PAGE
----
Let Me Tell You a Story About Failure

I’m taking a break from revising, squiders, because I got really excited about my own story and, while that’s a good thing, it’s not the best state of mind to do revision in. (Almost done! And then on the rest of what needs to be done to get this book out.)

So, it seems to me–and feel free to fight me on this–that most author fears fall into two categories: fear of failure, or fear of success.

(We’ll talk about success later. Tuesday, maybe. I’m making no guarantees til this revision’s back in.)

So! Story time. Imagine, if you will, a 15-year-old Kit, learning to drive, because I lived in a single parent household and my mother really wanted there to be another driver around.

I was terrified of driving. Nothing seemed like a worse idea than giving me control of a several thousand pound machine and letting me around other people. But I did it, because I wanted to help my mother, and I liked the idea of freedom, and it’s typically one of those Life Skills that American society expects you to have.

The driving school I went to had a week or two of classroom education before they released us into the student driver cars. Now, I’d handled a car before: my father had let me steer the car on his lap since I was four or so, and my mother had let me drive around the neighborhood and other low-population areas as practice. But my first day, I went and got in that car with one of those people that you wonder how exactly they came to be teachers, because they obviously dislike children.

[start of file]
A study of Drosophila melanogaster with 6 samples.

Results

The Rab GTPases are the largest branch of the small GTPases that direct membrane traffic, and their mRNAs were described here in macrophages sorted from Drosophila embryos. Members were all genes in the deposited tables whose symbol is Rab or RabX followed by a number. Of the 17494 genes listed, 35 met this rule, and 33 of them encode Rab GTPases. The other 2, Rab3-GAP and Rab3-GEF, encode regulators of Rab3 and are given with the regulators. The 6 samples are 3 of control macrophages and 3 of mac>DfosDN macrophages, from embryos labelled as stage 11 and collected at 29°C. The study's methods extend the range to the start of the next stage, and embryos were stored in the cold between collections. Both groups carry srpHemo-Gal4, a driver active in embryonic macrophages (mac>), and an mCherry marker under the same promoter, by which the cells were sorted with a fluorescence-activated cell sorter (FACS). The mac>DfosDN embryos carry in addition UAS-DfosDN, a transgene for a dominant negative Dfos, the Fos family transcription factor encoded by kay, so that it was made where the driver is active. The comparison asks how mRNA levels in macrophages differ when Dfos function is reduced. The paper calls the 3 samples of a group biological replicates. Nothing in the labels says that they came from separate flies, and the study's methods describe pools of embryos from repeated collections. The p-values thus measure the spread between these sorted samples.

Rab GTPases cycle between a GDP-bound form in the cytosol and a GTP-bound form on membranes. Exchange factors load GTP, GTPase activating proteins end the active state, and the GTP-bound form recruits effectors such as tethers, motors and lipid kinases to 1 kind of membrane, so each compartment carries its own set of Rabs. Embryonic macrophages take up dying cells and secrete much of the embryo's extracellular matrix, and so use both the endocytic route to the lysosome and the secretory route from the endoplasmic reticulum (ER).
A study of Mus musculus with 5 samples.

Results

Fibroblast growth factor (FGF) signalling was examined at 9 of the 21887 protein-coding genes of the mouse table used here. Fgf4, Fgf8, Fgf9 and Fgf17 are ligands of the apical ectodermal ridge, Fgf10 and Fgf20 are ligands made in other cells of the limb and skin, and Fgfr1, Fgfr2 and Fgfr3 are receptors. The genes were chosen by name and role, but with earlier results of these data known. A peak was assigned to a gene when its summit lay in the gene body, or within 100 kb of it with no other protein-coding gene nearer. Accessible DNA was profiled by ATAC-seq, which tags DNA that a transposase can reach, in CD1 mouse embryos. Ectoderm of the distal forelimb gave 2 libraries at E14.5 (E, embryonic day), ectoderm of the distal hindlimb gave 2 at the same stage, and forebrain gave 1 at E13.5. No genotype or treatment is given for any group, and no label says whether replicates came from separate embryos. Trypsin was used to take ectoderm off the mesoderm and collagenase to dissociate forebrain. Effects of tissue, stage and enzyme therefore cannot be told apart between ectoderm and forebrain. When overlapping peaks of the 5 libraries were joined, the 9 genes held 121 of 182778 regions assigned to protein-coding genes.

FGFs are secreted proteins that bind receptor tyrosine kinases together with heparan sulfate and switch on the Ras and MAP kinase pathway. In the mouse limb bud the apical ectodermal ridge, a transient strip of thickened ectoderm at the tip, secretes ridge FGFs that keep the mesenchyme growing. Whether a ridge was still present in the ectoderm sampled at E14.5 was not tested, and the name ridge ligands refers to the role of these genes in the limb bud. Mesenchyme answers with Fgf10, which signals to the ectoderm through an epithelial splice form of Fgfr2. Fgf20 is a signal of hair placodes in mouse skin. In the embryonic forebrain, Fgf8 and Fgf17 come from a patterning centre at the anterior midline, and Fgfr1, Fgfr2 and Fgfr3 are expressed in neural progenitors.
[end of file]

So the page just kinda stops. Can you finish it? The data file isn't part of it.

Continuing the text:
So I’m stressed to be driving at all, and then I get the least sympathetic person possible on my first “real” time out.

He had me drive around the neighborhood next to the school for about 20 minutes, then suggested I take a left turn out onto Colfax. (Colfax is a 3-lane-in-either-direction state highway, for non-Coloradoans.) I told him I wasn’t ready. I asked to spend a little more time in the neighborhood. I asked to try a right turn onto Colfax, since I’d never been on a big street before.

But he insisted, and off we went, white knuckled on the wheel. The light turned, I went, then realized I wasn’t turning quite enough. So, instead, I overcompensated, went over the median into oncoming traffic, and blew the tire.

My teacher was irate. I was much relieved.

Here’s the thing. When you fail, you have two options. You can give up, or you can try again, knowing there’s no way it could go worse. I’m pretty sure I was the only one of my friends who managed to physically break a car while learning to drive, but on the other hand, it gave me valuable experience.

In retrospect, it was good that he pushed me. Could he have done it better? Sure. But it forced me to give it a try, and even though it ended poorly, I felt better in the end, probably better than I would have if I hadn’t tried at all.

So don’t let your fear stop you. Yes, you might fail. But then you can try again, with no where to go but up.

Had any particularly spectacular failures, squiders? Stories about learning to drive?